Within Orthodox Judaism, there is a long history of divergence between what are known as 'the severe' and 'the lenient' interpretations. There is a similar range of opinions to be found in relation to 'Progressive Judaism' (sometimes also referred to as Reform or Liberal Judaism) which tries to marry the best of the past and the reality of modernity. The only thing that can be stated without contradiction is that the person who claims to hold 'the authoritative Jewish view' is deluded.
Nevertheless, some generalisations can be made. One is that Judaism regards the embryo as containing life in potential, and therefore should be treated with the utmost care and respect. At the same time, Judaism holds that the embryo does not have the same status as a human that is outside the womb.
This stance derives from a biblical incident when two men who were fighting injure a pregnant woman standing nearby: if the woman dies, they are liable to the death penalty; if just the fetus dies, then they are merely subject to a fine (Exodus, chapter 21 verses 22-23).
This relates directly to the vexed question as to when life begins. For Judaism, life does not begin fully until birth. This is reinforced by the second most important book in Jewish literature - the 'Mishnah' (compiled around the year 200) - which comments on the case of a pregnant women whose life is endangered by the fetus:
'If a woman was in life-threatening labour, the child must be killed while it is in the womb, and brought out, since the life of the mother has priority over the life of the child. But if the greater part of it had already been born, it may not be touched, since the claim of one life cannot override the claim of another life' (Oholot, chapter 7 section 6).
In this extreme example, it is emergence from the womb that marks the turning point from virtually human to fully human. This likewise is the transition in the accumulation of rights: from being largely protected to being fully protected.
Since the second century there has been much further discussion and Judaism certainly takes into account modern insights as to how the embryo develops at different stages and how it can move and feel in the womb. However, the distinction between life in potential and life in actuality remains. Thus within the overall principle of the value of life, a hierarchy of sanctity exists.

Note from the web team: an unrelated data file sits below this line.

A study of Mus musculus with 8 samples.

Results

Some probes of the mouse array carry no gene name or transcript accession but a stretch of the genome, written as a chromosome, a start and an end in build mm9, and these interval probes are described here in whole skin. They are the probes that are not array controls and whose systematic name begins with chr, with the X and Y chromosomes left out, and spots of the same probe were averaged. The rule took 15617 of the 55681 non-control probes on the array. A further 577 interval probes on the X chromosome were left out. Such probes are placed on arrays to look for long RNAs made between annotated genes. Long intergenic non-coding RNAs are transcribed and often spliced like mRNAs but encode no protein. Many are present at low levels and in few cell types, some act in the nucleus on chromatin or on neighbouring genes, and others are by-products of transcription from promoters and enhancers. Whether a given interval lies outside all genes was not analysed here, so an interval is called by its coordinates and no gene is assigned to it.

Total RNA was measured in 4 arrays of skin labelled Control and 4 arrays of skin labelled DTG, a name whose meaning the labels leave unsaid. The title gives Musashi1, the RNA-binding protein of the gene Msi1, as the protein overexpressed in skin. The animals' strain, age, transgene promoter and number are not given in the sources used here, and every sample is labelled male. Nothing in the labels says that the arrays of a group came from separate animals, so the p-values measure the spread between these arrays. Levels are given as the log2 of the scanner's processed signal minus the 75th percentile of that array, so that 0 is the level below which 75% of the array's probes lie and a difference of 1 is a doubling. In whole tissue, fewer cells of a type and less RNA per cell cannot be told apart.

This has significant implications for research or reproducing cells for implantation because it means that terminating a fetus is not murder. It also implies that the regret at the loss involved is outweighed by benefits gained from experimentation which can help humans.
This is not to adopt a cavalier attitude to the fetus - it has to be respected and safeguarded, but in principle there can be certain situations in which its interests can be set aside.
As for the accusation that this involves 'playing God' - of course it does! Moreover, Judaism would see this as a compliment, for God has entrusted the world into our care, to better and improve using our God-given abilities. Otherwise we would never develop penicillin, carry out heart transplants or manufacture false limbs.
Other important considerations are how we approach the subject: safeguards have to be put in place so as to prevent abuse, values have to be kept before us so that arrogance does not prevail, and a sense of awe for the sanctity of life has to guide our steps so that we always enhance life and never demean it. That way we become co-partners with God in furthering the work of creation.